Home News What’s the Best Legal Structure: Incorporated or Unincorporated?

What’s the Best Legal Structure: Incorporated or Unincorporated?

01 Jul 22

One of your first decisions when starting a business will be to determine which legal structure to use and how this structure may affect the way the business operates. 

Several key factors will influence this decision, such as tax implications, the extent of your personal liability (should the business fail), the amount of administrative work involved, and even your ability to raise finance.

Businesses can be run as incorporated entities (generally, as a limited company) or as unincorporated entities (usually, going self-employed, or setting up a partnership). But which is best for your specific business requirements?

What is an Incorporated Business?

Business incorporation establishes your company as a separate legal entity. You are still the owner, but by using this legal structure, you can gain clear financial and tax advantages for your company. When you incorporate your business, you select one of several legal structures to operate under, depending on your current and potential future needs, and the nature of your business. 

While you can choose an initial structure for your company, it is possible to change it as it grows and matures. 

What is an Unincorporated Business?

Unincorporated businesses do not have a separate legal identity from their owners which means that the owners are legally responsible for the activities of the business. They are personally liable for any losses or debts incurred by the company and share the risks, costs, benefits, and responsibilities that come with running a business. Each partner is also responsible or liable for the other partner's negligence or misconduct. A partnership's profits and losses are split among the partners. This will be in accordance with the agreed-upon profit-sharing ratio, with each partner paying tax on their share of the profits.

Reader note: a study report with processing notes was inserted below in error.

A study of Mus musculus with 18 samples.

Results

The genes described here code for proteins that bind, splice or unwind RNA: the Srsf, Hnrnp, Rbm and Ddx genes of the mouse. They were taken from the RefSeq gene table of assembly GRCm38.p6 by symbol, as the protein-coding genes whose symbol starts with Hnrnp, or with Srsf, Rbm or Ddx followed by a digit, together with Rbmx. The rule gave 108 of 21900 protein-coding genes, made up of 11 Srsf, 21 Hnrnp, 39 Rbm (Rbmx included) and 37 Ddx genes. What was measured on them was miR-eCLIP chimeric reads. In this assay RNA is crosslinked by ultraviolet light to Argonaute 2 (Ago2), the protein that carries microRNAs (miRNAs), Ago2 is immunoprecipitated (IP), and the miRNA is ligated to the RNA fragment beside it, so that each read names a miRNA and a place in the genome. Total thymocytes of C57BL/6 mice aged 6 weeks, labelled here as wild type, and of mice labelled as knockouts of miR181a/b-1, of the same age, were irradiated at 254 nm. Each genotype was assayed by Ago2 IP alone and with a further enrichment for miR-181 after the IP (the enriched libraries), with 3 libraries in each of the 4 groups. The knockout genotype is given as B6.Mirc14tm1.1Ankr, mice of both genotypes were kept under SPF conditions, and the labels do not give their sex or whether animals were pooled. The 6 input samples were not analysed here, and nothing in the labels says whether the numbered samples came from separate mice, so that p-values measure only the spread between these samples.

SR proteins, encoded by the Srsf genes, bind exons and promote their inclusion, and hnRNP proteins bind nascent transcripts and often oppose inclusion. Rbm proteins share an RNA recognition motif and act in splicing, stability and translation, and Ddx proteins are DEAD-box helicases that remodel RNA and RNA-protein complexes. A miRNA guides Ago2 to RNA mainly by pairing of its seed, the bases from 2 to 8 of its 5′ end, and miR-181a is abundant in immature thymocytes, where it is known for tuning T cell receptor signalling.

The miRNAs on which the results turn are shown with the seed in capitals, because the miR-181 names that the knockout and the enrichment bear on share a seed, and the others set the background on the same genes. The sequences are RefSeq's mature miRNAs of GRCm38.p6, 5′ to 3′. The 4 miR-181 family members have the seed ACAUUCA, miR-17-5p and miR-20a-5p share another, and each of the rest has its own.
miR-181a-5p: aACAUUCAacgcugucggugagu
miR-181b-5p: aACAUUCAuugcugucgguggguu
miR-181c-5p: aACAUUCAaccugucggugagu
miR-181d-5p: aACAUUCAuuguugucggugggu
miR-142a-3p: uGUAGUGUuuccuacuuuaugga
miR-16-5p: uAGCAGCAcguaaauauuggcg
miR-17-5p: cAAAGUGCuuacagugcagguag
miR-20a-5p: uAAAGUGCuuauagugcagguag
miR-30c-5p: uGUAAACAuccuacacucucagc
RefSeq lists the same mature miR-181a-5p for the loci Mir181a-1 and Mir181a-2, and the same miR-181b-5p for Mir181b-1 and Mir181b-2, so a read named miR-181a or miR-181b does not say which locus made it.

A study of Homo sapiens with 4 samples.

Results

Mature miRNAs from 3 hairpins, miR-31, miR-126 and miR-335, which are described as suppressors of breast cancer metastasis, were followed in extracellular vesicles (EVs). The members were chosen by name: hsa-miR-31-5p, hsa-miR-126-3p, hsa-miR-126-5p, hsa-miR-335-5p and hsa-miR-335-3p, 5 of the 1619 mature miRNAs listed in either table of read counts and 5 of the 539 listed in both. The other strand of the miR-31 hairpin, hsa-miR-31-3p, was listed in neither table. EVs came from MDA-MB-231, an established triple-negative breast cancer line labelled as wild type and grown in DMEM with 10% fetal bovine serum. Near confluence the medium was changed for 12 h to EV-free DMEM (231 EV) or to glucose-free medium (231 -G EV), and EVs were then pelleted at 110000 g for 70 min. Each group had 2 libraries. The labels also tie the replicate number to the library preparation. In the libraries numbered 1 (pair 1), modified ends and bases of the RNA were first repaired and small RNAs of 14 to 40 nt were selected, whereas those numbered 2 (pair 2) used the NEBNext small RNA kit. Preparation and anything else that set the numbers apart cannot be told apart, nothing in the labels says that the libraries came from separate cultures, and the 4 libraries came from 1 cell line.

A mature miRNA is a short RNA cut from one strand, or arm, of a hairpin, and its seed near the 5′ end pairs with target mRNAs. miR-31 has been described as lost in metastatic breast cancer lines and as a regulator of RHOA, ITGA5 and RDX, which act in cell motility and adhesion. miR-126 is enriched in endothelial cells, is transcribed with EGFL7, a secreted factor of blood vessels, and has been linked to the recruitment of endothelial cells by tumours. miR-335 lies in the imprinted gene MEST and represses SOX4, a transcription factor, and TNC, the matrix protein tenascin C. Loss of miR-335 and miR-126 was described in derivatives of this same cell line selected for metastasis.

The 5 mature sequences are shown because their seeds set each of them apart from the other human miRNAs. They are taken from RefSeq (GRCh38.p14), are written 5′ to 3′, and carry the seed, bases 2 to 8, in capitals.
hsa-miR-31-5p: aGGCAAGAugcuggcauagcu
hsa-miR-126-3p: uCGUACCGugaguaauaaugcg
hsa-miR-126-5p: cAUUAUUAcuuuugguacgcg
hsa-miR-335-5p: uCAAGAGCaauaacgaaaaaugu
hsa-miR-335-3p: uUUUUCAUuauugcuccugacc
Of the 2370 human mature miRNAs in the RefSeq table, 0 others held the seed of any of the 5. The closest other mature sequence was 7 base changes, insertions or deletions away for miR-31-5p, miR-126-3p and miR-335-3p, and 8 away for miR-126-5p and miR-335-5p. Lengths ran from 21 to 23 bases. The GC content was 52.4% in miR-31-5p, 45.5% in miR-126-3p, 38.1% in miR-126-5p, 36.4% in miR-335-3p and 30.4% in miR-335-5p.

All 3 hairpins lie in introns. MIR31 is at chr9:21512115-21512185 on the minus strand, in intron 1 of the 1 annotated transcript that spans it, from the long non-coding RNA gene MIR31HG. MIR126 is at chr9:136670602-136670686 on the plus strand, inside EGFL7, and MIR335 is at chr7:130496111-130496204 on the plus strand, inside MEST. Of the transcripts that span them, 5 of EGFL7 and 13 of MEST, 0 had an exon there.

Incorporated or Unincorporated?

Since an incorporated business becomes a separate entity from the owner, it can stand alone in the courts. If you run an unincorporated business, you, the business owner, bear all the responsibility and liability for everything your business does. The biggest difference between an incorporated and an unincorporated business is the way the owners are held responsible for the actions and results of the organisation.

  • An incorporated business is a legal entity that exists independently from its owners (shareholders). It has the ability to sue and be sued on its own. In contrast, an unincorporated business is legally the same as the person who runs it.
  • If an incorporated business can’t pay its debts, it can be placed into liquidation and any assets it owns can be sold off. This includes things like vehicles and other equipment. If an unincorporated business can’t pay its debts, the business owner can be made bankrupt, and all its assets are potentially available to satisfy the business debts. This can include their home and any other personal property or assets.
  • Another common reason for choosing the incorporated route is status. Many people believe that running a business as a limited company gives it a higher professional status – making your business appear larger, or more substantial. Some customers will only accept limited companies as suppliers, particularly where you are providing consultancy and other professional services.
  • There’s a heavier administrative workload for incorporated businesses when compared to unincorporated businesses. For example, limited companies need to file a confirmation statement with Companies House each year, as well as the annual accounts.

Fully understanding the differences between owning and operating an incorporated business and an unincorporated one can help you to determine which model is right for you. If the risk is a concern for you, then incorporating can help give you peace of mind and ensure that your own personal wealth and assets are kept safe from any liability your business incurs.

Get in Touch to Discuss Your Legal Structure

We’d always suggest seeking professional advice before settling on a business structure for your new enterprise. Although you can change the structure later, it’s worth spending the time to get it right initially, giving yourself the best foundations for the early stages of your business. Contacting us is easy, our experience and know-how mean we can tailor our business accounting services to suit the individual needs of your business, as we know there is no one-size-fits-all approach. Talk to our team of expert accounting consultants in Hampshire to see how Hysons, Chartered Accountants, can help your business.